AIDS is, of course, a health problem. But fear of the insidious and deadly disease has made it a political, civil-rights, education and social-policy problem as well, complicating discussions with a weird mix of sense and nonsense.
President Reagan added to the political controversy the other day when he proposed routine testing for the AIDS virus of federal prisoners, marriage-license applicants, patients in veterans' hospitals and would-be immigrants to the United States.
Part of his proposal makes at least some sense. Aliens seeking permanent residence here are already subject to screening for ''dangerous contagious disease.'' AIDS certainly fits that category.
But what is the purpose of testing marriage-license applicants? It's one thing to screen for such curable venereal diseases as gonorrhea or syphilis, as some states do. Those tests lead directly to treatment and reduce the spread of disease. But what would follow pre-marriage tests for AIDS that turned up positive? A refusal to issue the license? It would afford protection for the prospective spouse, but it would do nothing to halt the spread of AIDS -- unless the infected person decided on his (or her) own to practice celibacy or ''safe sex.''
But if the objective is to let carriers of the disease know that they are carriers, why wait for the marriage-license application? Logic would require that every member of an at-risk group -- including anyone who is sexually active -- be tested. Even if we had the facilities for testing on that scale, we would run smack into a civil-rights problem. Wouldn't employers who already screen for other diseases immediately make an AIDS ''clearance'' a condition of employment?
And what of insurance companies? If it is lawful for insurers to put cigarette smokers in a high-premium risk category, or to refuse to extend group coverage to those known to have life-threatening diseases, isn't it logical to permit them to refuse to insure any carrier of the AIDS virus?
But testing isn't the only problem. Take AIDS education. How much sense does it make to teach elementary-school children the techniques of ''safe sex,'' or to instruct drug addicts in the rudiments of ''safe'' drug abuse? Do we furnish the former with condoms and the latter with sterile needles?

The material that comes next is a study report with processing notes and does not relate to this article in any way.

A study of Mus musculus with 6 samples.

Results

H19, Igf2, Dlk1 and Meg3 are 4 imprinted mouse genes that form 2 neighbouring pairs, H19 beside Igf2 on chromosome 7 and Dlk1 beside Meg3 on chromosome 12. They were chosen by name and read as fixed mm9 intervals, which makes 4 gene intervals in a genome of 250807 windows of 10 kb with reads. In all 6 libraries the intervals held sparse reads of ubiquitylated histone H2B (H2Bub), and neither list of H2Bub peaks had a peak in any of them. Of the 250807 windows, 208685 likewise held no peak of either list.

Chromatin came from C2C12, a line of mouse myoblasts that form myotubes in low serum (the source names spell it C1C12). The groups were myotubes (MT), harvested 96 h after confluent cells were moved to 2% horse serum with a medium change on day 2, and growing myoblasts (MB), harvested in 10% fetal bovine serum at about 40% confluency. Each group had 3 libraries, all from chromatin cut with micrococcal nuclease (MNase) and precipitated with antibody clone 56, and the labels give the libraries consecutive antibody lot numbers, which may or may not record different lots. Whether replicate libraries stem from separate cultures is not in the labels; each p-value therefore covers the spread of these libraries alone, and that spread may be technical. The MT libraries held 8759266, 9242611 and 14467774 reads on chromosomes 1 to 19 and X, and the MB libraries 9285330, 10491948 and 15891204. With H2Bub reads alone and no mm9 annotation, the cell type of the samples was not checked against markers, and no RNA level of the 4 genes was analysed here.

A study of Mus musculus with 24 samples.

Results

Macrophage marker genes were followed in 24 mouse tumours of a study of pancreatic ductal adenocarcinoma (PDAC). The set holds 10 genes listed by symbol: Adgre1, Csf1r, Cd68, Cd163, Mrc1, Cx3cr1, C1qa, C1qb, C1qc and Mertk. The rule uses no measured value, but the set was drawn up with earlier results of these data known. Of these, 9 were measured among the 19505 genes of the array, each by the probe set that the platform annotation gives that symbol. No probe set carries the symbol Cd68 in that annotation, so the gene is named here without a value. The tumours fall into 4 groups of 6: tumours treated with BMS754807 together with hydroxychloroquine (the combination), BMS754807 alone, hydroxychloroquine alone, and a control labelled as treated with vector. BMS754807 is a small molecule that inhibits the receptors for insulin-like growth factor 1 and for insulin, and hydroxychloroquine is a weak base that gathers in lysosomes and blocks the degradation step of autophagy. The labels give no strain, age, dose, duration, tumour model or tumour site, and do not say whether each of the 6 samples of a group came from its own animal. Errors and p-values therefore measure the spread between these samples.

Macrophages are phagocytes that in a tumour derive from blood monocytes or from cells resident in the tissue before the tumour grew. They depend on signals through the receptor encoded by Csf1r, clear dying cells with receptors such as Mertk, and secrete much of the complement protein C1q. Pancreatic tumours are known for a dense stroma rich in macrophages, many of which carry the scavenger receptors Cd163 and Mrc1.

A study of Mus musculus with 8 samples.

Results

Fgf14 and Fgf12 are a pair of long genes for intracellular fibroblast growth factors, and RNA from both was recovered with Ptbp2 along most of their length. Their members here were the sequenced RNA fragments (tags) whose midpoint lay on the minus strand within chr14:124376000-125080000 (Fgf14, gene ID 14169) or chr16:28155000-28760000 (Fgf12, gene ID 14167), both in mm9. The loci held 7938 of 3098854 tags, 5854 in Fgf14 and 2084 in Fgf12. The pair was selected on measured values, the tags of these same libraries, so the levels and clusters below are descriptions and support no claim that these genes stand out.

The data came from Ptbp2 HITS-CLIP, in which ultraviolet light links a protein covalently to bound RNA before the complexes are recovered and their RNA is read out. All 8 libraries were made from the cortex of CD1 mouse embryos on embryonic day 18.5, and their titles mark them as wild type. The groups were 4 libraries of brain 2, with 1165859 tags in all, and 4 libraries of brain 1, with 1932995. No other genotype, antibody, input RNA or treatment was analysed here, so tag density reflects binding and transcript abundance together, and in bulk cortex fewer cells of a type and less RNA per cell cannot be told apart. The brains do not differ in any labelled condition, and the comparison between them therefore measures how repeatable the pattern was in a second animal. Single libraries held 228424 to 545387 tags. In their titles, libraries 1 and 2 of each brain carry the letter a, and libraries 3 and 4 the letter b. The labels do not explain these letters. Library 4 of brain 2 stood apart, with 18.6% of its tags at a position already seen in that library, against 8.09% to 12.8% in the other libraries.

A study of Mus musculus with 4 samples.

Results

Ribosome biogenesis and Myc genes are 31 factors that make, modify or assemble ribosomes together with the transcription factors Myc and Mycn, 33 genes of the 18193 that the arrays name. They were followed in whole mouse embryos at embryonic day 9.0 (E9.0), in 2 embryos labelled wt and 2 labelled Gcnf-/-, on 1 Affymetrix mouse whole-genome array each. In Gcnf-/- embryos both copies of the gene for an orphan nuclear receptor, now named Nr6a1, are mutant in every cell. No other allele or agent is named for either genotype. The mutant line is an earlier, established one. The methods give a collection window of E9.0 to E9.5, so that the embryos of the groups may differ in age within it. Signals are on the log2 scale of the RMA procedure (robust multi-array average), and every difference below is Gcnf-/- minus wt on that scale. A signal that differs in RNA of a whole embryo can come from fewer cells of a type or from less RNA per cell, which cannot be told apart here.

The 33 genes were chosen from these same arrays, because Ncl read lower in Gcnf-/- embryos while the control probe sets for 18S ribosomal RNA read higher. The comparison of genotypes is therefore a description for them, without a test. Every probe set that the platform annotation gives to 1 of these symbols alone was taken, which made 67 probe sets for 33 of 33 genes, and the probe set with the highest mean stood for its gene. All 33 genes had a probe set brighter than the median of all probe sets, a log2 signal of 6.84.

To begin with, the available evidence suggests that schoolchildren are not a high-risk group. Drug abusers are, but to what extent is education the answer? Do we really suppose that there are significant numbers of drug abusers who are either ignorant of the risks of needle sharing or too poor to afford their own syringes?
There are those who believe it is dangerously inconsistent for high schools to teach sexual abstinence while providing contraceptive devices. Is it less consistent for one arm of government to arrest addicts for drug abuse or even for possessing drug paraphernalia while another government agency provides them with drug-abuse instructions and clean needles? Or for prison authorities to try to enforce rules against homosexual activity among inmates while furnishing them free condoms for the purpose of homosexual activity?
And what should be done with prisoners who test positive for the AIDS virus? Should they be segregated from the rest of the prison population?
Some of the proposals we hear are, I suspect, less reflective of any real hope that they will work than of our fear of a deadly disease for which we have no inoculation and no cure.
Oh, well, maybe the endless and illogical arguments over testing and education will at least give us something to do while we wait for medical science to save us.